He’s literally the driving force behind a program to bring food to seniors who need it.
Robert Forbes, founding member of the North Point Douglas Seniors Association, received a Manitoba Council on Aging Recognition Award during a ceremony held Oct. 30 at the Manitoba legislature.
The association’s Food On Wheels program has delivered countless meals to shut-in seniors in the North Point Douglas area during the 27 years Forbes has been running the program.
Forbes’ decision to start the food program came about following an award for bravery he received in 1973. Forbes, then 32 years old, was one of the Winnipeggers involved in the rescue of two children from a Patrick Street house fire. After the ordeal, Forbes realized there was more he could do to help his community.
"I figured I had to do something else," he says, adding he started the work which would become Food On Wheels soon after.
His efforts to help the community have taken several different forms over the years.
He originally delivered doughnuts which had been given to him by church groups, who had received them from grocery stores. Then he switched to preparing food on-site during his route, which led to the vehicle being swamped with requests.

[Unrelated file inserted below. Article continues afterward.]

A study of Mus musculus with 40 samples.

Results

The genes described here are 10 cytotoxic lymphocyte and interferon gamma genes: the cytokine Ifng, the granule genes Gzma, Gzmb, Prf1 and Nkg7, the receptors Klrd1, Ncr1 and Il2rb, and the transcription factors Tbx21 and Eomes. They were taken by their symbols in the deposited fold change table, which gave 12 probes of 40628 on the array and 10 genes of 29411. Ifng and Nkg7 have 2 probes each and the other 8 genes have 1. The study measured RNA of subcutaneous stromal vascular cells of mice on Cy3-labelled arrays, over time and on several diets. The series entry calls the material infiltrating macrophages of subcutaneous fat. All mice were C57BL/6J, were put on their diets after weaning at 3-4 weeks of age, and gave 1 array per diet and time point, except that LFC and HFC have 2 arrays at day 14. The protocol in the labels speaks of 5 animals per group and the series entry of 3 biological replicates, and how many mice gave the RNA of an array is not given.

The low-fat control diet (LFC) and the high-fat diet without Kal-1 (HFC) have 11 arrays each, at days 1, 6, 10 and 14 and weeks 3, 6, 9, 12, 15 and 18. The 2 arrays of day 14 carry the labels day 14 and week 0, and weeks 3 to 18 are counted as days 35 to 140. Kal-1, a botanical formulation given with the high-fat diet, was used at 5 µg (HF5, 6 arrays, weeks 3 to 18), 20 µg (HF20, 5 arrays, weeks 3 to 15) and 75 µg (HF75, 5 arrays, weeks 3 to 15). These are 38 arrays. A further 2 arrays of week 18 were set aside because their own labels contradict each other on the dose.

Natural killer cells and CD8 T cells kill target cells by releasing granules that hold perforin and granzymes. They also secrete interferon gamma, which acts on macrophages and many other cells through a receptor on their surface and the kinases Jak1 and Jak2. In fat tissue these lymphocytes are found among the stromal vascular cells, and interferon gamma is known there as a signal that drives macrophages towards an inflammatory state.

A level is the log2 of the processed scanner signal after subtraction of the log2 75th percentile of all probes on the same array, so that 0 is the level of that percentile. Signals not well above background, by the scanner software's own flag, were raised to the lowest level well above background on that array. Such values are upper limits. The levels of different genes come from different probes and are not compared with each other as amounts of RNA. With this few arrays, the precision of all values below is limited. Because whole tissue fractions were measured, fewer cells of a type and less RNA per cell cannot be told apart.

These days, Forbes works with local grocers who provide him with food, which he then brings back to a central location — Barber House 55+ Centre on Euclid Avenue — and then distributes grocery bundles from there once a week. In cases where seniors are unable to pick up a bundle, they arrange to have one delivered.
To this day, Forbes continues to make the rounds, picking up groceries for the program. Recently, he’s gone as far as Portage la Prairie or Winkler to obtain items.
The association feeds about 250 people a week through the program, and there are 168 seniors living in the area. Forbes says there’s a great need for the program.
"There’s no food bank in this area at all," he says.
But it’s an uphill battle to find donations. Duck Stein, food program co-ordinator for the association, says many organizations will only donate once a year.
"Its’ very hard to get organizations to donate food of any type," Stein says.
Raymond Vilneff, groundskeeper at Barber House, notes many seniors survive solely on an old-age pension, which often isn’t enough to cover their living expenses.
"It doesn’t leave very much to buy the necessities," he says.
Vilneff says Forbes’ receipt of the aging recognition award might help to draw more attention to the cause.
"It helps promote our program… it’s something to help our seniors in the neighbourhood. They rely on their neighbourhood. They rely on their neighbours, their family and friends."
Those interested in offering support to the program can contact Rick Caslake, program manager, at (204) 947-0380.